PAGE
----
About 120 lose jobs at Legg

12 in Baltimore laid off

most cuts at Calif. division

March 25, 2009|By Hanah Cho | Hanah Cho,hanah.cho@baltsun.com

Baltimore money manager Legg Mason Inc. laid off 20 employees, including 12 people at its Light Street headquarters, while its largest division cut about 100 jobs in response to continuing market volatility and its struggling financial performance.

Western Asset Management Co., based in Pasadena, Calif., a division that focuses on fixed-income funds, made the "difficult decision to right-size its staff to reflect its business needs, like other industry players," spokeswoman Mary Athridge said in a statement Tuesday.

Job cuts affected 10 percent of employees across Western, which has offices in New York, London and Tokyo, among others.

"This will not have an effect on our ability to manage money and serve our clients," Athridge said, adding that Western is also making "strategic hires," most recently three credit analysts.

Western oversaw $513 billion in bond and money-market funds as of Dec. 31, 2008. It has recently struggled with client redemptions and money-market funds invested in toxic securities.

Athridge said Western is looking into the federal government's proposal to team with private investors to buy mortgage-backed securities and other toxic assets that are hurting banks.

On the corporate level, job cuts affected employees in the areas of mutual fund administration, Legg said. Eight employees worked in New York, while the rest were based in Baltimore.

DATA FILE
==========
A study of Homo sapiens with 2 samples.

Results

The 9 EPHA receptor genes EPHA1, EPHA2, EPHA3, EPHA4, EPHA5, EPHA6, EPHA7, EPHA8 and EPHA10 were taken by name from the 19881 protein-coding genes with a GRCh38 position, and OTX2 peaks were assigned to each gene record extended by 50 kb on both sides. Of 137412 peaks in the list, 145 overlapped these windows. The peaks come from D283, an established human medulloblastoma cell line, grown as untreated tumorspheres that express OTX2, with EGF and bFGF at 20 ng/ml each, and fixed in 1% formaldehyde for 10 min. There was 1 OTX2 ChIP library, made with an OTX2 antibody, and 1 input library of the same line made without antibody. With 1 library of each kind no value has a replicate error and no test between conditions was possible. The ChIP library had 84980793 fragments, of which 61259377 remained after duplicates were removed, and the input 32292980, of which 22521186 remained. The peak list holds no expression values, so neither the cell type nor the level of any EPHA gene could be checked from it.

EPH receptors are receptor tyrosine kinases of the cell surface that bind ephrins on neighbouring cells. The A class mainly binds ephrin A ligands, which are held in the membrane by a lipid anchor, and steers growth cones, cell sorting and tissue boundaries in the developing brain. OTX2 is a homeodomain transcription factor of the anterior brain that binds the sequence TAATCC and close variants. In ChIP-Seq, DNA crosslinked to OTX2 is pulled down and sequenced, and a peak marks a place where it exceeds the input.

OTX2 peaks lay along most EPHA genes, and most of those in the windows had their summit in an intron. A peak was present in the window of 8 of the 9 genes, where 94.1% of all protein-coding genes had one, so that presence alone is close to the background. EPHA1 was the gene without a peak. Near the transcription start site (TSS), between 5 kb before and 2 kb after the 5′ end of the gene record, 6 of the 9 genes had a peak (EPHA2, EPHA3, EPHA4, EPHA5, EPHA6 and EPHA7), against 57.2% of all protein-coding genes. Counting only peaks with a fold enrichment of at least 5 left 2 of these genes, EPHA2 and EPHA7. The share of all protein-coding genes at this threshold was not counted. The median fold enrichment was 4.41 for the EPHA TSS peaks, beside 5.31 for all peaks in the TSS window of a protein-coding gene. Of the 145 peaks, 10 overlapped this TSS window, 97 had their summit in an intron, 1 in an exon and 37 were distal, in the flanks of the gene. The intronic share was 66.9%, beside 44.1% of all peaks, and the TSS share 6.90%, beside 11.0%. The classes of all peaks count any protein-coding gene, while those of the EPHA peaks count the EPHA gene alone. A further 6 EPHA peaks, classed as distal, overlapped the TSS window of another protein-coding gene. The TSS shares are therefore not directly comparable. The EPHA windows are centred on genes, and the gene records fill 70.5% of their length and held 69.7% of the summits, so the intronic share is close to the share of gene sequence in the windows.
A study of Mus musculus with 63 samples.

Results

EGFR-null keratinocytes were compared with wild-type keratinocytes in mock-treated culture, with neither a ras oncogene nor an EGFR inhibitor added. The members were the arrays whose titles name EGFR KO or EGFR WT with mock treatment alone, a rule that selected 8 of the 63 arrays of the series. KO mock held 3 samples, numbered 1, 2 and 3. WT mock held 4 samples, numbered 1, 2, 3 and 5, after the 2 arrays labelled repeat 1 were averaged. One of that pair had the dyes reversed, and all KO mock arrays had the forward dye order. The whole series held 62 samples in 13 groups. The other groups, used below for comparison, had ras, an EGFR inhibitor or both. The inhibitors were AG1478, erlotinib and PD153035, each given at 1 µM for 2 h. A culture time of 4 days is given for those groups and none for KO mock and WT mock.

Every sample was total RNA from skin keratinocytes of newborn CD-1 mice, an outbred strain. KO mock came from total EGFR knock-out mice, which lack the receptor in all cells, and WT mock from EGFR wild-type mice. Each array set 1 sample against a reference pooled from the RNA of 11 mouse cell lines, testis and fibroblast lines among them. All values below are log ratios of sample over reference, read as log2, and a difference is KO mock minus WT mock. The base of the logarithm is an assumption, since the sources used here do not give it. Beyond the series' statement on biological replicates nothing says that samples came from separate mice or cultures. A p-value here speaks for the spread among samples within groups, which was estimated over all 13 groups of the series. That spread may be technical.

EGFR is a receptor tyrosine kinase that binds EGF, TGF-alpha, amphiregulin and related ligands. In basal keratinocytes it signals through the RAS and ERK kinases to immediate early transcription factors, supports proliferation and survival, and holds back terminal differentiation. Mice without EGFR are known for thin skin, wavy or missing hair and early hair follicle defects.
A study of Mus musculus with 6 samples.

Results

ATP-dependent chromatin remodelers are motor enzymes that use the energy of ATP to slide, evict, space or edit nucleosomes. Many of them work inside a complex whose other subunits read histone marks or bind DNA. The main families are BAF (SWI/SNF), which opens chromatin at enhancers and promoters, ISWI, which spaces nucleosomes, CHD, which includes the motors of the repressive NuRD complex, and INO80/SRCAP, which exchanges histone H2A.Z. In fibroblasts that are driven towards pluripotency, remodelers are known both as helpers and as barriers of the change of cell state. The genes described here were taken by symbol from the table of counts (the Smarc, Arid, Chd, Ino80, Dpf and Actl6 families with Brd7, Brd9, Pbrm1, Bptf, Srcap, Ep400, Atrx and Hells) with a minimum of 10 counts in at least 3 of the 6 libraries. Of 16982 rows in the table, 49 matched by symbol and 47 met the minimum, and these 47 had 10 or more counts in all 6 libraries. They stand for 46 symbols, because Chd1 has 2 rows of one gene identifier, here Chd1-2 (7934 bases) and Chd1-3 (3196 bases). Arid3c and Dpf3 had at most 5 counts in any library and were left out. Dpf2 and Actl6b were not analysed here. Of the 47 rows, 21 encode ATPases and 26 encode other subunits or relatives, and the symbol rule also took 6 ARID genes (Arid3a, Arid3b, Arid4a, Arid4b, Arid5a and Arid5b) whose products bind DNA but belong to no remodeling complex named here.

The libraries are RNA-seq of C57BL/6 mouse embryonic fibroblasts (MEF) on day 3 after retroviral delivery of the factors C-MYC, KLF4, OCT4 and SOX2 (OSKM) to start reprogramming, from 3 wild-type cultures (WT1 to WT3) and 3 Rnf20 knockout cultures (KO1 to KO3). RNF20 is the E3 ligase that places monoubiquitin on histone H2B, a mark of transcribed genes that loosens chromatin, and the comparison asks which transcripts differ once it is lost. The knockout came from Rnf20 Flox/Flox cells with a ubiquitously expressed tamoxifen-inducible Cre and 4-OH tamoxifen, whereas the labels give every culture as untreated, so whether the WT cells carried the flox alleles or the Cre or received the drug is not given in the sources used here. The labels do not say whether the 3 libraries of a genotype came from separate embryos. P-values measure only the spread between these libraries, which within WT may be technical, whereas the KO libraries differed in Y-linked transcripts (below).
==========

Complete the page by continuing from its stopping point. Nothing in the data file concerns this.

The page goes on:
"While we do not anticipate across-the-board reductions in force, we are looking at each part of our operations strategically and will make changes consistent with our business requirements," Athridge said.

The job cuts are the latest for Legg, which cut about 8 percent of its back-office work force, or about 200 people, in December. About 99 employees in the Baltimore region were affected.

Other asset managers also have trimmed their work forces to deal with deteriorating market conditions and investors withdrawing their money.

Legg expects to exceed $135 million in savings through various cost-cutting measures, including the job cuts.

Legg Chairman and Chief Executive Officer Mark R. Fetting said this month that the company expects to make more cuts as market challenges continue.

Legg's money-management subsidiaries are making decisions about job cuts and other measures independently.

In late October, Baltimore-based Legg Mason Capital Management, run by money manager Bill Miller, cut a third of its 147-person staff.